The Good Doctor
Jennifer Miller’s deep dive into bioethics
Some might wonder when Jennifer E. Miller, PhD, finds time to sleep. She is the founder of Bioethics International (BEI), an assistant professor at NYU’s School of Medicine, creator of the Good Pharma Scorecard (GPS), and recently returned from the World Economic Forum in Dubai where she was part of a panel focused on the ethics of human enhancements. Miller is also a new mom to baby boy William.
A Ridgefield native and ’98 graduate of RHS, Miller moved to town at age eight and still considers it home—though she lives in Westport and commutes to Manhattan for work. “Ridgefield was an ideal place to grow up,” she says. “It’s family-friendly, and growing up there was pivotal in my development as a person and a professional. I am grateful to the town, its members, and its programs.”
After graduating from Ridgefield High School, Miller went on to Fordham University where she earned a BS in physics before attending Harvard University for her post-doctorate work in ethics and institutional corruption. “I founded Bioethics International (BEI) in 2005 to help transform the way we understand, engage, and operationalize bioethics in healthcare to improve its ethics and patient-centricity and advance health,” she explains. “Around 2007, I pivoted BEI’s attention to the ethics of pharmaceutical companies. We pivoted, in part, because ethicists were better supporting hospitals’ ethics needs.”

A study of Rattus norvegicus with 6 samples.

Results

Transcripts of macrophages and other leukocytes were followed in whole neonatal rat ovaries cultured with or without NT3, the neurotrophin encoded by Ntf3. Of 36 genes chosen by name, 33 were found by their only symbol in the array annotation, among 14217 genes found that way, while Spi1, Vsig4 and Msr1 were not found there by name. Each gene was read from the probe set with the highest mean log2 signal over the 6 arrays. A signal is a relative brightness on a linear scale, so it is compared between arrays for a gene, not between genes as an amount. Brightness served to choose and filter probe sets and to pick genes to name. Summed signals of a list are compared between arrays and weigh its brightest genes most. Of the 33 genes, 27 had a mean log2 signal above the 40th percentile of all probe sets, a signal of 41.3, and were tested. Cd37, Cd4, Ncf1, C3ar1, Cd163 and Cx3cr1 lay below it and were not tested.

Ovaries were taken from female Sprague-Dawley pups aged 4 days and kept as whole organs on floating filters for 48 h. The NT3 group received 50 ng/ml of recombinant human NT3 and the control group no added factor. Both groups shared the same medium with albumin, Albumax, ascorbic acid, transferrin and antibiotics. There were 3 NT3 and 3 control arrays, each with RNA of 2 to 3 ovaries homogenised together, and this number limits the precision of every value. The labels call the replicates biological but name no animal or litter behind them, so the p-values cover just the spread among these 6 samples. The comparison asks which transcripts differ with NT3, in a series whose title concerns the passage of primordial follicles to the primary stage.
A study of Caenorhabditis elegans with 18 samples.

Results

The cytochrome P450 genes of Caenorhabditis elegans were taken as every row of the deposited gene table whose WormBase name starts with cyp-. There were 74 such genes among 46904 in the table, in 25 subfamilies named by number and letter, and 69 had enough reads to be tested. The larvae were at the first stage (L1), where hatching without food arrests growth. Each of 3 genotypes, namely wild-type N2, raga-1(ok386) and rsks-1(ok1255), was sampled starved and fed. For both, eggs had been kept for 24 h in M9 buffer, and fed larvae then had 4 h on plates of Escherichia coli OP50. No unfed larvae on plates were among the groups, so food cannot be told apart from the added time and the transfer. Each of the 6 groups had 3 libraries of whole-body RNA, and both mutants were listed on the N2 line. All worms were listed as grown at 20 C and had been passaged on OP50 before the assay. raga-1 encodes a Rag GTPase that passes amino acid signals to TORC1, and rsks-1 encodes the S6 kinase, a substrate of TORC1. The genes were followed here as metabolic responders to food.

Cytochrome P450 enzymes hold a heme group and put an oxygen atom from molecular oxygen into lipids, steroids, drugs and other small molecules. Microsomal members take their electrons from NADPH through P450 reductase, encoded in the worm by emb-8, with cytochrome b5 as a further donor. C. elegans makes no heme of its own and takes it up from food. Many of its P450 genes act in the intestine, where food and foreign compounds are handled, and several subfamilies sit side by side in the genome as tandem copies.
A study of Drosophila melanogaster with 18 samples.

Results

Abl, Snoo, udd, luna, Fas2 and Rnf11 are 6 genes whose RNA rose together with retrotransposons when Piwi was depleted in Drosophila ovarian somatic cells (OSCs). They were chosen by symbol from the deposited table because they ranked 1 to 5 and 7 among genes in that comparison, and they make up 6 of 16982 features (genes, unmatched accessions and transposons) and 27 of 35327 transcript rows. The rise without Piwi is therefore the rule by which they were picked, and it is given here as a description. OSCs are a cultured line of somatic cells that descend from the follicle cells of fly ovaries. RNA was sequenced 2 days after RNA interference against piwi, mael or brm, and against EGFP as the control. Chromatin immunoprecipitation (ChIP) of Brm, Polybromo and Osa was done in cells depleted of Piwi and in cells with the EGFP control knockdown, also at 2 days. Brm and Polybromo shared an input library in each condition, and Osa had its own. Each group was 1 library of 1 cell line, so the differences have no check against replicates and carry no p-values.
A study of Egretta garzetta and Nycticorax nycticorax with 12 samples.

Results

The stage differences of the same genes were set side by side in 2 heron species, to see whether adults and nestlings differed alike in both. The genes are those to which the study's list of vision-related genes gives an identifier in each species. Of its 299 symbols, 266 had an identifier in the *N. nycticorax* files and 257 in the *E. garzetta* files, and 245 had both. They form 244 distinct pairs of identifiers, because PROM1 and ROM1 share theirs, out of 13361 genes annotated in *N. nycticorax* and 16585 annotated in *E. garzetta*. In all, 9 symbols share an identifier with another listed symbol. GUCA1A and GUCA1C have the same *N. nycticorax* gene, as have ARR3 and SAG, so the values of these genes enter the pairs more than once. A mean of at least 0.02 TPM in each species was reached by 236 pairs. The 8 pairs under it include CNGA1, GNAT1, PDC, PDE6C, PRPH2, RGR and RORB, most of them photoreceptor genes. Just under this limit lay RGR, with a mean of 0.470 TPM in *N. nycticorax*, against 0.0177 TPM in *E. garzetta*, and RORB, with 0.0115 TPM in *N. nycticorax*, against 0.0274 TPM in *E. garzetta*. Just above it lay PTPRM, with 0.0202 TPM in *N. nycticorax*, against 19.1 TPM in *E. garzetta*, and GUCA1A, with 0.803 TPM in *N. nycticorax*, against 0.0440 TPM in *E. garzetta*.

Miller took this new focus and created the Good Pharma Scorecard, which ranks all new FDA-approved drugs and large pharmaceutical companies on their clinical trial transparency and data-sharing performance. “Many Americans depend on the medicines and vaccines these companies make to advance their health,” she explains. “Only ten percent of the U.S. population trusts drug companies to be honest and ethical, and 90 percent think they prioritize money over people. To help address this problem, I explored how other industries addressed their ethics and quality concerns.”
Over the years, Miller’s work has garnered the attention of everyone from Fox News and NPR to The Washington Post and Newsweek. She’s also been the recipient of fellowships at both Harvard University and Duke University.
With all of the attaboys and accolades, it’s still her Ridgefield upbringing and time spent in the local public school system that has Miller looking back fondly. “When I learned in my senior year physics class that time isn’t a constant, that it slows down as one approaches the speed of light, I knew I wanted to major in physics,” she says. “I also highly enjoyed my senior year English class, where I learned about the use of ethos, pathos, and logos in speech writing and devoured the writings of Martin Luther King Jr.”